Poll watcher Eddie Hu of the citizen group Asian Americans Advancing Justice — Los Angeles is stationed on Election Day at a busy polling station in the San Gabriel Valley, a community east of Los Angeles with a heavy Asian population.
Los Angeles County provides voter assistance in Chinese, Hindi, Japanese, Khmer, Korean, Spanish and Tagalog — in addition to English — and volunteer poll watchers are stationed in neighborhoods where specific language skills are needed, from L.A.'s Chinatown to heavily Spanish-speaking East Los Angeles.
"Many of the new immigrants and the elderly are not proficient in English," Hu explained to VOA, speaking Mandarin. "We want to make sure there aren't any barriers or [that] language is not an obstacle for voters."
California has the greatest number of eligible voters in the nation who are not fully English-proficient, numbering more than 2.6 million, according to the civil rights group.
Chinese American Jeff Chang, 70, is not one of them. He is bilingual and reads voter guides in both English and Mandarin. He prefers the English version, which he says is clearer.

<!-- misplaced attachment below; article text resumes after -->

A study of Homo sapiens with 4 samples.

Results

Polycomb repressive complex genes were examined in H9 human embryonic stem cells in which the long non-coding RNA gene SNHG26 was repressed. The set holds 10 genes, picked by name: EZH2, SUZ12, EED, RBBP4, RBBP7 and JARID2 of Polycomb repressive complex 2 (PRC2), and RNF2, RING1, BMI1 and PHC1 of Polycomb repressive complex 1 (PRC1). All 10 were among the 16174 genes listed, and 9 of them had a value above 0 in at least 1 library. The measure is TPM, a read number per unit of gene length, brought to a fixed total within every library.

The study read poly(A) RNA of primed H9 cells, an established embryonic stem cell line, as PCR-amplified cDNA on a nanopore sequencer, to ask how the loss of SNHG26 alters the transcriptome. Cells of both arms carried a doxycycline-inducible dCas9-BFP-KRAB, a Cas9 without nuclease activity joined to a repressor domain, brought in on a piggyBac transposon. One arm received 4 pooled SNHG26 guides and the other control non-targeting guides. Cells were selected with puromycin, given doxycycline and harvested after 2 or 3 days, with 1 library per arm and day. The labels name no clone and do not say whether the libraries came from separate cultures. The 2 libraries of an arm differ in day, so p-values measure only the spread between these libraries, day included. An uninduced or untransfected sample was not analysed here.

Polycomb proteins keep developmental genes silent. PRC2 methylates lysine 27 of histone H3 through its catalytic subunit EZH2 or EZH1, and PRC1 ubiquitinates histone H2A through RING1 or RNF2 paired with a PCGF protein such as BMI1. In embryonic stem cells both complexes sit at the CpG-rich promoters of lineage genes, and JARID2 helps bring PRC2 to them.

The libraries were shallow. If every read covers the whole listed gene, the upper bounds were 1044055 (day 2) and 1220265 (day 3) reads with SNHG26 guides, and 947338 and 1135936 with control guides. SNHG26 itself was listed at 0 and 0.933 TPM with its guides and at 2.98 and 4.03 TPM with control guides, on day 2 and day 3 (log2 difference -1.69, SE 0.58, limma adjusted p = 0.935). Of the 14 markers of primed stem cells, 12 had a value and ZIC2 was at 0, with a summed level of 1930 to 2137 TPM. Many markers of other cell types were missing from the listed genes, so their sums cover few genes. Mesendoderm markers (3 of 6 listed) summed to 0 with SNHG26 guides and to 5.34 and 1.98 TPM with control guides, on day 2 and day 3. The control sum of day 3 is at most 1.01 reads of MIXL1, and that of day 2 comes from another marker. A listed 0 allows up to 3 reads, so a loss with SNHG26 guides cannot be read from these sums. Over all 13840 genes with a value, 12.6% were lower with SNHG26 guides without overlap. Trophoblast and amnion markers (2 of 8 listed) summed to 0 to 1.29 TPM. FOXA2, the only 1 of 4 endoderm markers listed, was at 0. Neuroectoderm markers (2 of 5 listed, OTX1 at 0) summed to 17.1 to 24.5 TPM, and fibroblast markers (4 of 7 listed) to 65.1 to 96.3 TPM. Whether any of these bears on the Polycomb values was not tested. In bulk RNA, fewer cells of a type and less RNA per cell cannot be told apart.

For him, the global economy is the overriding election issue. He says the presidency is a position of leadership in the world, and "we have to be very careful to choose the right person." He voted for Hillary Clinton.
Raymond Lee, 52, is a reluctant Clinton supporter who is not excited by either candidate. Lee is also fluent in Mandarin and English, and says he follows the news closely and considers Donald Trump a demagogue. He thinks this election an embarrassment.
"People in China, Middle East [are] all laughing at us," he said. "They have no respect for us anymore," he added. He adds that "America is at a crossroads now there's so much divisions in society," and complains that voters are too easily manipulated.
"One-third of all Asian Americans have some difficulty speaking English," said Deanna Kitamura, who directs the Voting Right Project for Asian Americans Advancing Justice — Los Angeles, "and so that's why we know that language assistance at the polling place is so important."
By mid-day, Eddie Hu said things were going smoothly at his polling station in the San Gabriel Valley, and officials were reporting a solid turnout throughout California, where more than 19 million people are on the voter rolls, many with limited skills in English.